Blog The Walk
This blog will follow Art's experiences as he walks across America on The Walk of Life. You can share your support for him or talk about your dedications to your loved ones that you have lost or are fighting some illness. Please leave comments and words of encouragement!
Walking Day #184, Friday, March 22, 2013...'gators, 'Gators, 'GATORS!!! and nice people
22 miles (35.4839 km's)...44,575 steps...$0.01 in change...findings for the day: 1 container of assorted tie-down straps, 1 screwdriver and 1 penny...wildlife sighted: I lost count of the 'gators at noon at about a dozen...the day ended on route 41 east just east of Monroe Station, Florida in the Everglades
105.2 miles (169.6774 km's)...216,677 steps and $0.90 in loose change
3,887.8 miles (6,270.6452 km's)...7,611,480 steps and $82...right now I feel like I walked that ALLLLLLLL today!!!
more to come but I am beat...thank you Samantha, thank you Rocky, thank you Jack and thank you Al & Emma...here is the updated post:
Today I The Walk was dedicated to a friend of mine, Paul Snellinger, a WWII veteran and all-round nice guy and his wife Doris who passed away from cancer several years ago. Thank you for your service, Paul, and very best wishes to you. I look forward to seeing you very shortly.
Shortly after we got started we made a "pit stop" at a Mobile station at the junction of route 41 east and state road 29 going to Everglade City. While stopped there an elderly couple came by on their bicycles and struck up a conversation. They had read about us in the Naples newspaper (thanks, Michael!) and wanted to stop and chat. Al and Emma are from Ontario where they ran a dairy farm. They originally came from Switzerland. Thank you for your interest in The Walk and thank you very much for your generous contribution. Dr. Dave Okubo will surely put your gift to good use at Camp UTADA. While I was chatting with al and Emma another gentleman came up to me to see what I was up to. I unfortunately did not get his name. He is living with diabetes, battling cancer and a veteran. Thank you, sir for your service and VERY best wishes as you fight the diseases. At one point my driver, Valerie, stopped and a little roadside eatery (Joanie's) to investigate their facilities. While there she met Rocky (Roxanne) and Jack. Rocky was kind enough to buy Valerie an adult beverage and both she and Jack where kind enough to make a contribution to Camp UTADA.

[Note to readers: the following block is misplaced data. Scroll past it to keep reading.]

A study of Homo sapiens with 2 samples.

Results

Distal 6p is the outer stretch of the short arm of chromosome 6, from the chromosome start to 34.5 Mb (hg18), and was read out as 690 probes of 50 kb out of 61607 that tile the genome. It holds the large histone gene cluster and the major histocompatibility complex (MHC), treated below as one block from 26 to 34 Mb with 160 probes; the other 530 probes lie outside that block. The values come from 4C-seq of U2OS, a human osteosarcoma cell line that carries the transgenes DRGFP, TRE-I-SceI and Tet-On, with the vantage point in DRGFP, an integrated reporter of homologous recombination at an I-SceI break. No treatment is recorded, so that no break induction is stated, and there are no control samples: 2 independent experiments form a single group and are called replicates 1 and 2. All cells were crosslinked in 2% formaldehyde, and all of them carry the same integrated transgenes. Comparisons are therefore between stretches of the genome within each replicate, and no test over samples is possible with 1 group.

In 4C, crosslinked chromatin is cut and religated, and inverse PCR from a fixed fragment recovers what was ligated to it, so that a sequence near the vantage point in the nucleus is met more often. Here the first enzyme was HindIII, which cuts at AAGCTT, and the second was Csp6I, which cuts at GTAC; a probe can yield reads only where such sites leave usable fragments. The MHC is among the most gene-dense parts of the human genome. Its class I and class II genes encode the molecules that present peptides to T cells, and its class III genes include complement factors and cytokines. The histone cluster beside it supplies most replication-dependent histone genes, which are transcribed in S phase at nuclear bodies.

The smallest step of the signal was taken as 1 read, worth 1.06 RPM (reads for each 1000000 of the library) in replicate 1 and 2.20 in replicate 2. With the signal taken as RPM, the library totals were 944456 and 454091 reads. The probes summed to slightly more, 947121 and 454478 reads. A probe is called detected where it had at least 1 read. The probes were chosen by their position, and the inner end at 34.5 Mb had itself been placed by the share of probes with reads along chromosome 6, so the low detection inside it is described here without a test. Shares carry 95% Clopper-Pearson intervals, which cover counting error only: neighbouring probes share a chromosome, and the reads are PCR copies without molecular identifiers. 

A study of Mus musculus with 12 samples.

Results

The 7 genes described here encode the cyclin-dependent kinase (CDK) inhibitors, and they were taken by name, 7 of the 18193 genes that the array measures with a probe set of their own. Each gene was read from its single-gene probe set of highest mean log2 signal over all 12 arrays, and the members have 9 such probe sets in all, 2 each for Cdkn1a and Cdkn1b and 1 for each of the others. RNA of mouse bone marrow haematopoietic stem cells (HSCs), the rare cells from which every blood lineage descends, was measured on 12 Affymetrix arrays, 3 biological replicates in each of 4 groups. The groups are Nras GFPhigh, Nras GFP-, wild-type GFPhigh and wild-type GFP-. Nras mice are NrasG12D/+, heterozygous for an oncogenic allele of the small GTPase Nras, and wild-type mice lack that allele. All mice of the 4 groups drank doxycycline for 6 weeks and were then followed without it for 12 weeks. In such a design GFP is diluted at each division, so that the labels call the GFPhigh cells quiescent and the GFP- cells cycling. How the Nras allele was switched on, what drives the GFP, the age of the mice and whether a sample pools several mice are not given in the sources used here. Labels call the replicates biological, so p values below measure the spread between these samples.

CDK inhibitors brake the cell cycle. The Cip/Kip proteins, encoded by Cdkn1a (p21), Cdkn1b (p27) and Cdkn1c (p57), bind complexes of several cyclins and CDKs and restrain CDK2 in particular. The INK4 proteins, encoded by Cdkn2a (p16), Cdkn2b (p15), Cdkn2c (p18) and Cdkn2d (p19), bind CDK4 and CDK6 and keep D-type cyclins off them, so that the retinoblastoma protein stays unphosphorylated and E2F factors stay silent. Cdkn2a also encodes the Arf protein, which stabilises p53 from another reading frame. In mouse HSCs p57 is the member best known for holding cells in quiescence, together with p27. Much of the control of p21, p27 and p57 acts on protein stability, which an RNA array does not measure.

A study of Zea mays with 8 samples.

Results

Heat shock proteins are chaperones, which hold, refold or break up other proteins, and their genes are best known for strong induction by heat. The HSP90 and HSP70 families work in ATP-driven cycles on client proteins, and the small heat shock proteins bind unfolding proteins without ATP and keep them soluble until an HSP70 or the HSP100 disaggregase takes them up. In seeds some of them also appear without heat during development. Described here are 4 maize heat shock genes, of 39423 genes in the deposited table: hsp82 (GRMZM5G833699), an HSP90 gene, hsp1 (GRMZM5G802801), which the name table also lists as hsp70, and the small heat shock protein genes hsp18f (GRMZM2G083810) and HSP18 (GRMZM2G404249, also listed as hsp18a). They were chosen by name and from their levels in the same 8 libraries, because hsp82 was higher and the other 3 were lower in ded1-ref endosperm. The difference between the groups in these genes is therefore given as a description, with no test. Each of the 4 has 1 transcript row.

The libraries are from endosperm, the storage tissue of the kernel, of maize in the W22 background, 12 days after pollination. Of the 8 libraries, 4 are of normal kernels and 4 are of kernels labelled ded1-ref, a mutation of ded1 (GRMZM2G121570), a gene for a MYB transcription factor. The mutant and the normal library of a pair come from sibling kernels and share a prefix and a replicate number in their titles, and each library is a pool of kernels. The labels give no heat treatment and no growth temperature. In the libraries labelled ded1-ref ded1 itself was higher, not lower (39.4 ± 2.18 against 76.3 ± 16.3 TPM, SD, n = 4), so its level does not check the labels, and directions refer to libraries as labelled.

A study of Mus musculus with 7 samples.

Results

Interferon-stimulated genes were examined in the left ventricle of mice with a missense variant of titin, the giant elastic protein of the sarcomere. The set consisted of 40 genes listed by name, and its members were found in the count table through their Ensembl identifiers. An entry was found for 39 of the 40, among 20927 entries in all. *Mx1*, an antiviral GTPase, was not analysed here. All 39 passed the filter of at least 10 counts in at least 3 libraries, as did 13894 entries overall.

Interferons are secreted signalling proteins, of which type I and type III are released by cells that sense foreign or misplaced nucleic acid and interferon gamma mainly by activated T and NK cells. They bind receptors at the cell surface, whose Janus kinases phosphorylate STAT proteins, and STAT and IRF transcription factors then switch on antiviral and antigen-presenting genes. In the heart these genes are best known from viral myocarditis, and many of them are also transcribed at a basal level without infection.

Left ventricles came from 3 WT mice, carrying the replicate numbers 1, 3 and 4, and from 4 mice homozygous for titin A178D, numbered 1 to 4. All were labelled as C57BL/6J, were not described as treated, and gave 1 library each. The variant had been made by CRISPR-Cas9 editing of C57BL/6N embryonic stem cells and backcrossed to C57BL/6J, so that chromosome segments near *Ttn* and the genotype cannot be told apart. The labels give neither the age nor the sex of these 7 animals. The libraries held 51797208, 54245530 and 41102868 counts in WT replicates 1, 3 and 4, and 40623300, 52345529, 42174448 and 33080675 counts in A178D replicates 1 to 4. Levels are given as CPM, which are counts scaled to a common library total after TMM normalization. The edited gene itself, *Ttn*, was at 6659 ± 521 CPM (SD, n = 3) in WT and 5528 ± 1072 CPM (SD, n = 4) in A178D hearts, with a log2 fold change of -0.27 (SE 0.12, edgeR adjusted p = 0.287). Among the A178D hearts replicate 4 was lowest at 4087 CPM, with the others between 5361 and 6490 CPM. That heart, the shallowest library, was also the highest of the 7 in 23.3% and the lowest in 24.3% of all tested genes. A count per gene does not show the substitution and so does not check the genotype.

When The Walk was over for the day we stopped by to see if we could have dinner but they were sort of closed. We were invited in for a cold one and in the process got to meet the owner, Joanie, from Miami and several other people. Jack was kind enough to give a Cuban cigar which found a home in the humidor, anxiously awaiting a spare two hours to enjoy it! Since we had not eaten and it was getting late we drove into Naples looking for a place to eat when Joe's Crab Shack caught our collective eye. I look like a clown when I walk, yellow shirt, hat with a big feather in it, medicine bag over my shoulder and probably smelling like a moose (apologies to moose!). I had my maps with me and our waitress, Samantha, asked if she could be of assistance in our navigation.
Once we shared with her what we were up to she started to tear up and indicated that she had two relatives losing to cancer and one living with diabetes. Suffice it to say a few more terse were shed, hugs exchanged and pictures taken. Thank you, Samantha for sharing your story and once again bringing home what I would consider the significance of what I am doing. I know I am not curing anything, however what I like to think I am doing is spreading some positive energy. Like the sign on the truck I saw several months ago, "WE ARE ALL GOING TO DIE, NOT EVERYBODY LIVES", I would like to think I am, in some small measure, encouraging people (self included) to live, WHATEVER that looks like for each one of us. I do know that my life is richer for each experience I have along the road. I would also like to think that in some measure I am dropping grains of sand, pebbles, rocks and perhaps even boulders into the ponds of lives (self included) that create ripples that go out to make a positive difference in this world. Just one "Samantha Experience" makes this journey worth while, in my case I have had a thousand of them. I am indeed and very, Very, VERY lucky man! See ya'll down the road, CHEERS!!!